If you suspect that you or your child has an allergy, an allergy test can establish whether a) you actually have an allergy and b) what you’re allergic to.
If you suspect an allergy, the first port of call is your GP. If, after discussing your symptoms, your GP thinks you may have an allergy, they may offer a blood test to identify the cause of your allergy. Or they may refer you for testing. Most allergy tests are done in hospital outpatient clinics.
At the allergy clinic, the type of test you’re offered will depend on your symptoms. Possible tests include:
- Skin prick test – this is usually the first test to be done when looking for an allergen. It’s quick, painless and safe, and you get the results within about 20 minutes. Your skin is pricked with a tiny amount of the suspected allergen to see if there’s a reaction. If there is, the skin around the prick will very quickly become itchy, and a red wheal will appear.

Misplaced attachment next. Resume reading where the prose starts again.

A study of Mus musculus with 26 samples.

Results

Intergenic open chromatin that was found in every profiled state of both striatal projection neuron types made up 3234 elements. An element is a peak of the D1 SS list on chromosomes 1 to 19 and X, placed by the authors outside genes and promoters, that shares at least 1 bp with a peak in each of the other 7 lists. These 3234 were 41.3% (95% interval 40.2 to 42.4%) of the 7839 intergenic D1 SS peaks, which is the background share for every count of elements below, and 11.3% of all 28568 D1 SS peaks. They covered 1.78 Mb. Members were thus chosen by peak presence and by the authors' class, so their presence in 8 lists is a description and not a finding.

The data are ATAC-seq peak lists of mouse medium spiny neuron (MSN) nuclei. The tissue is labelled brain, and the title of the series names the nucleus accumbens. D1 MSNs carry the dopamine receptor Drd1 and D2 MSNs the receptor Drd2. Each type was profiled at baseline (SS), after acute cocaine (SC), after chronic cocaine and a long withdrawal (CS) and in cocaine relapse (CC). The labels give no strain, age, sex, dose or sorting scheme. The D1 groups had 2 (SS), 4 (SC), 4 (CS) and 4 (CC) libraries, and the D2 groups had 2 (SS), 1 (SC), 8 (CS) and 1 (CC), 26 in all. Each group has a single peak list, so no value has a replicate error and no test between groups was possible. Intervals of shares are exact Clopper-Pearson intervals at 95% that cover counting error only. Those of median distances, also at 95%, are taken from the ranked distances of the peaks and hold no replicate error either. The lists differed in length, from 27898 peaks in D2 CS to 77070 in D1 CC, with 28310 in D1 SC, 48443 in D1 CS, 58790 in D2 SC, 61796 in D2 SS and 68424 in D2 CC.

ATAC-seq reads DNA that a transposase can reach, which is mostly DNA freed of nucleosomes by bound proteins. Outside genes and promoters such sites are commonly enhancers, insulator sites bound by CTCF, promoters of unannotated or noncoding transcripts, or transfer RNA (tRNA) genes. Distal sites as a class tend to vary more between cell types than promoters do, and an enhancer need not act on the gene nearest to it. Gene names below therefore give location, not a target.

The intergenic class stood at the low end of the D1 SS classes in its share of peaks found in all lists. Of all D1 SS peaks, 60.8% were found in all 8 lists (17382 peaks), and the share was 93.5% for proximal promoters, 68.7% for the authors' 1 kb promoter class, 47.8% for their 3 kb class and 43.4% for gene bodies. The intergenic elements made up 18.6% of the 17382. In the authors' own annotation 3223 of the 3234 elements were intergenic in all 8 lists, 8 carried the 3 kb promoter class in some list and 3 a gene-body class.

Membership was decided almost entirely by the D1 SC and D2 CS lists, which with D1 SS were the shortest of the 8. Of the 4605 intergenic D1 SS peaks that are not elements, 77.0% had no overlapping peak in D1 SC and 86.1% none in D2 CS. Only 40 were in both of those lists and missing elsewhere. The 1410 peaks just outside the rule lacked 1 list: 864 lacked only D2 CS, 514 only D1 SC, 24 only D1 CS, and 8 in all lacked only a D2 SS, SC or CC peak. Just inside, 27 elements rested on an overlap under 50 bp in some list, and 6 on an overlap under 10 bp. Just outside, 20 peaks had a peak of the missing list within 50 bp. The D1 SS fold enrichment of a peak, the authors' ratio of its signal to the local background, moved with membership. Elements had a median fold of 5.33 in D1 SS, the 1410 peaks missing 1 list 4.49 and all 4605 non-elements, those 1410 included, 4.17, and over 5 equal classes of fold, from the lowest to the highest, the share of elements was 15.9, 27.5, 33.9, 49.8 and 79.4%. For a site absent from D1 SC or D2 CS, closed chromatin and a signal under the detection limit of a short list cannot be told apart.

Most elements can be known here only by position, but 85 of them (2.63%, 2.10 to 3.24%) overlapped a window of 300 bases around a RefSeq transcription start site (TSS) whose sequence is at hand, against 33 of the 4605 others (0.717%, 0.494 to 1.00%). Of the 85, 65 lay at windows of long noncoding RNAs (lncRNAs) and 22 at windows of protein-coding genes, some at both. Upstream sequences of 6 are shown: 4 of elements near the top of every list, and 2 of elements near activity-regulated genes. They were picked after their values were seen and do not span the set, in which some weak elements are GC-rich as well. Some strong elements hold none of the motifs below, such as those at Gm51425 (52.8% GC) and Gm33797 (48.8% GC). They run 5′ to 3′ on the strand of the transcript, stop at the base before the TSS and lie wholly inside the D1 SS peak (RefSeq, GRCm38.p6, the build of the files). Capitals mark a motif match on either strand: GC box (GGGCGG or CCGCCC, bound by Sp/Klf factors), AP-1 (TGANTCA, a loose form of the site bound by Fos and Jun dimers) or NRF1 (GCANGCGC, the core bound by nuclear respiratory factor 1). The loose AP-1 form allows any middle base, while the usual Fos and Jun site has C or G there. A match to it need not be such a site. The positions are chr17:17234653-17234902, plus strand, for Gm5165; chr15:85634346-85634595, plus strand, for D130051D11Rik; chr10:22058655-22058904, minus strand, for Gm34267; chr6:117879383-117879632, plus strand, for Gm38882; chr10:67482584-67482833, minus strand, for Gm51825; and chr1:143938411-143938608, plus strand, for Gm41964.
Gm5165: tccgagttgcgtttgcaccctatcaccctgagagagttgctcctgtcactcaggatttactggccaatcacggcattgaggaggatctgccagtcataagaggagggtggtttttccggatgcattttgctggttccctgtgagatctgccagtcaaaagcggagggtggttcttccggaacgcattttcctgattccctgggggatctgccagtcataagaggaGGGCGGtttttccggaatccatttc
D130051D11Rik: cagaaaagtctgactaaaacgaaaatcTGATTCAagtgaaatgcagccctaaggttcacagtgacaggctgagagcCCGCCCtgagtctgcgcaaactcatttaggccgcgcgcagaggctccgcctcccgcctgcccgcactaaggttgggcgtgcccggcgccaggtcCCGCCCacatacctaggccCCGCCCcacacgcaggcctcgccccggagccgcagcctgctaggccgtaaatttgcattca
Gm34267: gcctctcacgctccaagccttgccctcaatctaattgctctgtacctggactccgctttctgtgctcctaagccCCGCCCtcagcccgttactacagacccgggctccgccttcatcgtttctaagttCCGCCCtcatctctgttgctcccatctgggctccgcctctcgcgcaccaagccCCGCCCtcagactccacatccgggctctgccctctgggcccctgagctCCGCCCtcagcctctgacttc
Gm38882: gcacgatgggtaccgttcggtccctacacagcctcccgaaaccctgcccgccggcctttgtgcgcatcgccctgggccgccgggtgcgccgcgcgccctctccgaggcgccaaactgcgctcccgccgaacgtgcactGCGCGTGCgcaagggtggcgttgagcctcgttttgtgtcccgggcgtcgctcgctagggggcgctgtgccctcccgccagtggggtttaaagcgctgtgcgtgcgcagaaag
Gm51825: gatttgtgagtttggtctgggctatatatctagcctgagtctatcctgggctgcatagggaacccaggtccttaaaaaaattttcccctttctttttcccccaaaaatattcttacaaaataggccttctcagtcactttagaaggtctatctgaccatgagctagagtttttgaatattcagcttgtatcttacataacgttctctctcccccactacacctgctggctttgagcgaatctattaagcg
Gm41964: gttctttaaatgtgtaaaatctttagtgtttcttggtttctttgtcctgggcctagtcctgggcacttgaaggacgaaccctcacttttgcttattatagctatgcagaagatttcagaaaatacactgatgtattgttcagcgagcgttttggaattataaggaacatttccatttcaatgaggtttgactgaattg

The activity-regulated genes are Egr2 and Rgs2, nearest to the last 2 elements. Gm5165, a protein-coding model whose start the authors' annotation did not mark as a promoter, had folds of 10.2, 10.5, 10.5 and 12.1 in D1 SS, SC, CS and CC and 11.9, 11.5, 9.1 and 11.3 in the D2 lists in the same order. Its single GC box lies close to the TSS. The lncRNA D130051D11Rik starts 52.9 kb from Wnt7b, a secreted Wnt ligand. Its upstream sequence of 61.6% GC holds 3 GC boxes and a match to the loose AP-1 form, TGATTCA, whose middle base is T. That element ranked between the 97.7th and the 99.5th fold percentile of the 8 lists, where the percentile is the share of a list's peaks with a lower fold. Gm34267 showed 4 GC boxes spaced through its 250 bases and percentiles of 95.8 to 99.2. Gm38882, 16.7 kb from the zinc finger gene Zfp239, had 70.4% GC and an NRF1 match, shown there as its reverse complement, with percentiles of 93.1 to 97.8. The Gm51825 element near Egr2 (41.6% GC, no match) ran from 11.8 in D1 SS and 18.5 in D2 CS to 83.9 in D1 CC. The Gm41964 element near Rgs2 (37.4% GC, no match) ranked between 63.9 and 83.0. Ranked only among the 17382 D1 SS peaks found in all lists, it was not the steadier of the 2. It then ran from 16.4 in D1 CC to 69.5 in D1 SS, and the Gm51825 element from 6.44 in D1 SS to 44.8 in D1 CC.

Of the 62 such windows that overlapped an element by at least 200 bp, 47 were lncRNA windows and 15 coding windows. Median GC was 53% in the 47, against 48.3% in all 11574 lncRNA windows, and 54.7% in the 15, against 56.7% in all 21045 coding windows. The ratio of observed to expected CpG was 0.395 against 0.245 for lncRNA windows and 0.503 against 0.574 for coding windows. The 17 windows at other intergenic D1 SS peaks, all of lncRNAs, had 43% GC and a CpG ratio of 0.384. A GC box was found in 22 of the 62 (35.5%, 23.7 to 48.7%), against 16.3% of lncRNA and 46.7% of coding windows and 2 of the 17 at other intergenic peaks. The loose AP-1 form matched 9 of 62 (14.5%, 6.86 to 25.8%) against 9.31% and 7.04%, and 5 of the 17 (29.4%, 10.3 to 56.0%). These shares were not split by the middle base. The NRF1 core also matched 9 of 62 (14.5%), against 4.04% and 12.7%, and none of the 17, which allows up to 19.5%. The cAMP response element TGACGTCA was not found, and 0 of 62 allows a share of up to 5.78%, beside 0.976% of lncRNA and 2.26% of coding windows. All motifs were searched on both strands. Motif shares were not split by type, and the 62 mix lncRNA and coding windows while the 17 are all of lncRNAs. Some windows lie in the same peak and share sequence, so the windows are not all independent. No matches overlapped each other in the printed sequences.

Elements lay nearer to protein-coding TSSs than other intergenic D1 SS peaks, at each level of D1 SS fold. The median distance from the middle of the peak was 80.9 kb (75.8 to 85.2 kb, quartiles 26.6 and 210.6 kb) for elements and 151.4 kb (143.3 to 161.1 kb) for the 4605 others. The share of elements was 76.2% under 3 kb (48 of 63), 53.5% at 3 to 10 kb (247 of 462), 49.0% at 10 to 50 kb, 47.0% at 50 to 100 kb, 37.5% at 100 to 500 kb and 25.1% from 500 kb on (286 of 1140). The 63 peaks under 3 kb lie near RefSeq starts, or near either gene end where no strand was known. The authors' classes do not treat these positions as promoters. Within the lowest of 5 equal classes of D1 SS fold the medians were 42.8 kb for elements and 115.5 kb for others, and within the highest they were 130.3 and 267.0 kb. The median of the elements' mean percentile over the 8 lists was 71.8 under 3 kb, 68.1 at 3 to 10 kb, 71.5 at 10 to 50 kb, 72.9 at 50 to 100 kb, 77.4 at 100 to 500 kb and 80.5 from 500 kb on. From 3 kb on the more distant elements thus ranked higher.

- Blood test – this is called a specific IgE test. It’s used to measure the amount of IgE antibodies in your blood that have been produced by your immune system in response to a suspected allergen.
- Patch test – this test is used to see if a skin reaction, for example eczema, is caused by contact with a specific chemical or substance. A small amount of the suspect substance or chemical, such as nickel, is added to special metal discs, which are taped to your skin for 48 hours and monitored for a reaction. This test is usually carried out at a dermatology (skin) department in a hospital.
- Food challenge – also called an oral challenge, this test is the most accurate for food allergies. During the test, you’re given the food to which you think you are allergic in gradually increasing amounts to see how you react. Only one food can be tested at each appointment.